Green Hour: “Learning through Nature: A History of Environmental Education in America.” (Prof. Charles Dorn)


July 18
12:00 PM - 01:00 PM

Climate Change. Species Extinction. Deforestation. Toxic Waste. For more than a century, Americans have quarreled over the causes and consequences of environmental decline. The ferocity of these debates—and the way they exposed profoundly conflicting understandings of the natural world—compels the question of how Americans came to learn about the environment over time.

My current research reveals that between the end of the nineteenth and the beginning of the twenty-first centuries, educators, entrepreneurs, policymakers, and others systematically indoctrinated young people into settler-colonial political, economic, and cultural values under the guise of learning about the natural world. Why have Americans long been in conflict over the environment? They were taught mostly through nature rather than for it.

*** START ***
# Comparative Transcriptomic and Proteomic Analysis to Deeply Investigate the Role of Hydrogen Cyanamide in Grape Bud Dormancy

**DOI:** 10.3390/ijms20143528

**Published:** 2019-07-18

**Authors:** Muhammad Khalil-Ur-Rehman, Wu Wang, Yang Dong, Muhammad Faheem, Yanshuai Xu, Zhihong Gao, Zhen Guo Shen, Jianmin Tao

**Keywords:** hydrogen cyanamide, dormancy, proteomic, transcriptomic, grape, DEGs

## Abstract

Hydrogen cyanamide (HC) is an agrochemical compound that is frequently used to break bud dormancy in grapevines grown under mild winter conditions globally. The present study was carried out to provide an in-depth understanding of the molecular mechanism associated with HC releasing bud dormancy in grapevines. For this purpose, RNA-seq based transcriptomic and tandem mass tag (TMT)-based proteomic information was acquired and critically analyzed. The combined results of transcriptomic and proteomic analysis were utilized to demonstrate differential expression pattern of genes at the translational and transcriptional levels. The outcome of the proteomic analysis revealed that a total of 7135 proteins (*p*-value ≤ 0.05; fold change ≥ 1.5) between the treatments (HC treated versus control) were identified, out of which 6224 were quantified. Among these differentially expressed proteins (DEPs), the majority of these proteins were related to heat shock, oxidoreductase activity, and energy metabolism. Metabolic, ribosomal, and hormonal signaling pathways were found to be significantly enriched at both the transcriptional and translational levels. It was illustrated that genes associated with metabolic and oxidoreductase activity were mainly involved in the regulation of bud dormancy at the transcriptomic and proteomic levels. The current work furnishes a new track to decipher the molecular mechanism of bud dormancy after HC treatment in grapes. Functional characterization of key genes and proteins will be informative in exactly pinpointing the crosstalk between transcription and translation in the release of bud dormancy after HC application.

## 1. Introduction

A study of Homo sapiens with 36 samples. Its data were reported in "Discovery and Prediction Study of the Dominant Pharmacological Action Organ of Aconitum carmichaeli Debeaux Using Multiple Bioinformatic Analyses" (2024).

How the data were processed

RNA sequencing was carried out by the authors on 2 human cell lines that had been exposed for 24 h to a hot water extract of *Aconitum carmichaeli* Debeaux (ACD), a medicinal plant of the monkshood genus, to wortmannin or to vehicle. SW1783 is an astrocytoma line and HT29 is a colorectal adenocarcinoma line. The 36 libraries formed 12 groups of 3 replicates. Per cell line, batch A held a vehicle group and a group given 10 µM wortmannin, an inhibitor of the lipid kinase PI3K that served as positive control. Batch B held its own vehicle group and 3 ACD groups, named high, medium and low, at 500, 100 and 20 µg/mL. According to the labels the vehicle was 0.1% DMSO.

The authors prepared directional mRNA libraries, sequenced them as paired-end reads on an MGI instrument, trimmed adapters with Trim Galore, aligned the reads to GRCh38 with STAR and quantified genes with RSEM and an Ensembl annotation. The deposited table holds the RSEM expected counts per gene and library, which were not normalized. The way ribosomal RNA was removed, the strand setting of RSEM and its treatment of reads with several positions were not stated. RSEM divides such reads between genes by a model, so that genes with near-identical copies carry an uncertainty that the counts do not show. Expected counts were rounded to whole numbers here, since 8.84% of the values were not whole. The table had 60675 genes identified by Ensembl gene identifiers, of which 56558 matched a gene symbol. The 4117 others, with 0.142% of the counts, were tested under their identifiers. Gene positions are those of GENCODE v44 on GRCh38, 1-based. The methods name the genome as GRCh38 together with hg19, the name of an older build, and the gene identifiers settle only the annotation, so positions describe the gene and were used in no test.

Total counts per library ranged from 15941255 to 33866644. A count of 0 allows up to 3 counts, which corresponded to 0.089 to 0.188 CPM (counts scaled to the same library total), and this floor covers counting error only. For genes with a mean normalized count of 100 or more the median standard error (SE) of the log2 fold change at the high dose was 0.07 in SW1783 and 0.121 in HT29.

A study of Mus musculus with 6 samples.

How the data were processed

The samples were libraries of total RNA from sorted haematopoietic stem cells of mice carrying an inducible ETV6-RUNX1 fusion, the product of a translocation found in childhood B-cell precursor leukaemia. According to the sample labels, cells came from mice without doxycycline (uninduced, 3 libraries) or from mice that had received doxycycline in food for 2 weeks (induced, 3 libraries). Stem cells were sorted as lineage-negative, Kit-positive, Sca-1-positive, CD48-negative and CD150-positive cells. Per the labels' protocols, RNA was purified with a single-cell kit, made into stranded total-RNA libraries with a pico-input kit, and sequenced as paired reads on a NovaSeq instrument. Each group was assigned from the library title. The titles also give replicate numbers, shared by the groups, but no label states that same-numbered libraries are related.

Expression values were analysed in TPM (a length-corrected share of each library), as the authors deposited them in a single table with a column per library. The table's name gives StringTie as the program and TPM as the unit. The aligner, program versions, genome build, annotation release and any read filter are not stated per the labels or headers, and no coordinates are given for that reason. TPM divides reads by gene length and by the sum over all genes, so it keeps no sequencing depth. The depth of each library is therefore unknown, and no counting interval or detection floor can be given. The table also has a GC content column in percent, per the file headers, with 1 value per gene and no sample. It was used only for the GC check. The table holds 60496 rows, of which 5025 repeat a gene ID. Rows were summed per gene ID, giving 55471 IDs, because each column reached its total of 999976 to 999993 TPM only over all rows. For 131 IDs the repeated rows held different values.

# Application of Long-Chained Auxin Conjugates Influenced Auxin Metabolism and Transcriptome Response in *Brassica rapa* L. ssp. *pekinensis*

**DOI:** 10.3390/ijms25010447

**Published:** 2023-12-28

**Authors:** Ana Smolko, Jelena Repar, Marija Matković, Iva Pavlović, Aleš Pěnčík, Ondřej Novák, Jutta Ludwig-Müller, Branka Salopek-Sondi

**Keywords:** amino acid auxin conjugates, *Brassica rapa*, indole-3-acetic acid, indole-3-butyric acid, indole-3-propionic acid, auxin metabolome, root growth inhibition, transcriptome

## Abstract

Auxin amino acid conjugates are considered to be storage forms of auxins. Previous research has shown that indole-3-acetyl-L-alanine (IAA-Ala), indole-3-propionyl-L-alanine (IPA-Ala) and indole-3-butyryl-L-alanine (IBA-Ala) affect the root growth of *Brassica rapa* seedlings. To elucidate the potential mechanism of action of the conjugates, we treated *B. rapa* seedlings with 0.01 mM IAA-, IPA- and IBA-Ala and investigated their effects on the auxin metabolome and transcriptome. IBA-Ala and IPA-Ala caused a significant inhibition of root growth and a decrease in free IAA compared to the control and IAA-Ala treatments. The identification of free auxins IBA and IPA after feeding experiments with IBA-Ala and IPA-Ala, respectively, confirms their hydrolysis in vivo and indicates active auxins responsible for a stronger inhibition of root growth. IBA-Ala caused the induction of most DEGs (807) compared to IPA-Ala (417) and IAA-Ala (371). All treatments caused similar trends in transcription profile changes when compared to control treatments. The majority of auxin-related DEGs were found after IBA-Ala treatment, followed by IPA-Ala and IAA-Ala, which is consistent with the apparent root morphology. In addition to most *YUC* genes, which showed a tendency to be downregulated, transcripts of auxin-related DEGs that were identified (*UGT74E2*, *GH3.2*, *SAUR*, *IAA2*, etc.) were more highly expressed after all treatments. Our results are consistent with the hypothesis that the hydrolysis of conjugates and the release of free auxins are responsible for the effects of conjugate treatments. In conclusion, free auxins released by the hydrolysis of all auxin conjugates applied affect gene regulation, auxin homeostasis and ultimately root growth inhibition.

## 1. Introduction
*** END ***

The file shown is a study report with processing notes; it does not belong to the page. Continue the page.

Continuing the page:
In this talk, I will discuss the origins of my book project as well as the challenges associated with writing an educational history that examines learning both inside and out of formal institutions.

Charles Dorn is an educational historian and the Barry N. Wish Professor of Social Studies at Bowdoin College (Maine, USA). His work has appeared in History of Education QuarterlySouthern African Review of Education, and Diplomatic History, and has been featured in Time and Fortune Magazines and on National Public Radio’s Throughline. Dorn is the recipient of two U.S. State Department Fulbright Awards and a Landhaus Fellowship at the Rachel Carson Center for Environment and Society, Ludwig Maximilian University (Munich, Germany). He is the author of For the Common Good: A New History of Higher Education in America (Cornell University Press, 2017) and, with co-author Randall Curren, Patriotic Education in a Global Age (University of Chicago Press, 2018). His current project explores the history of environmental education in the United States between the late nineteenth and early twenty-first centuries.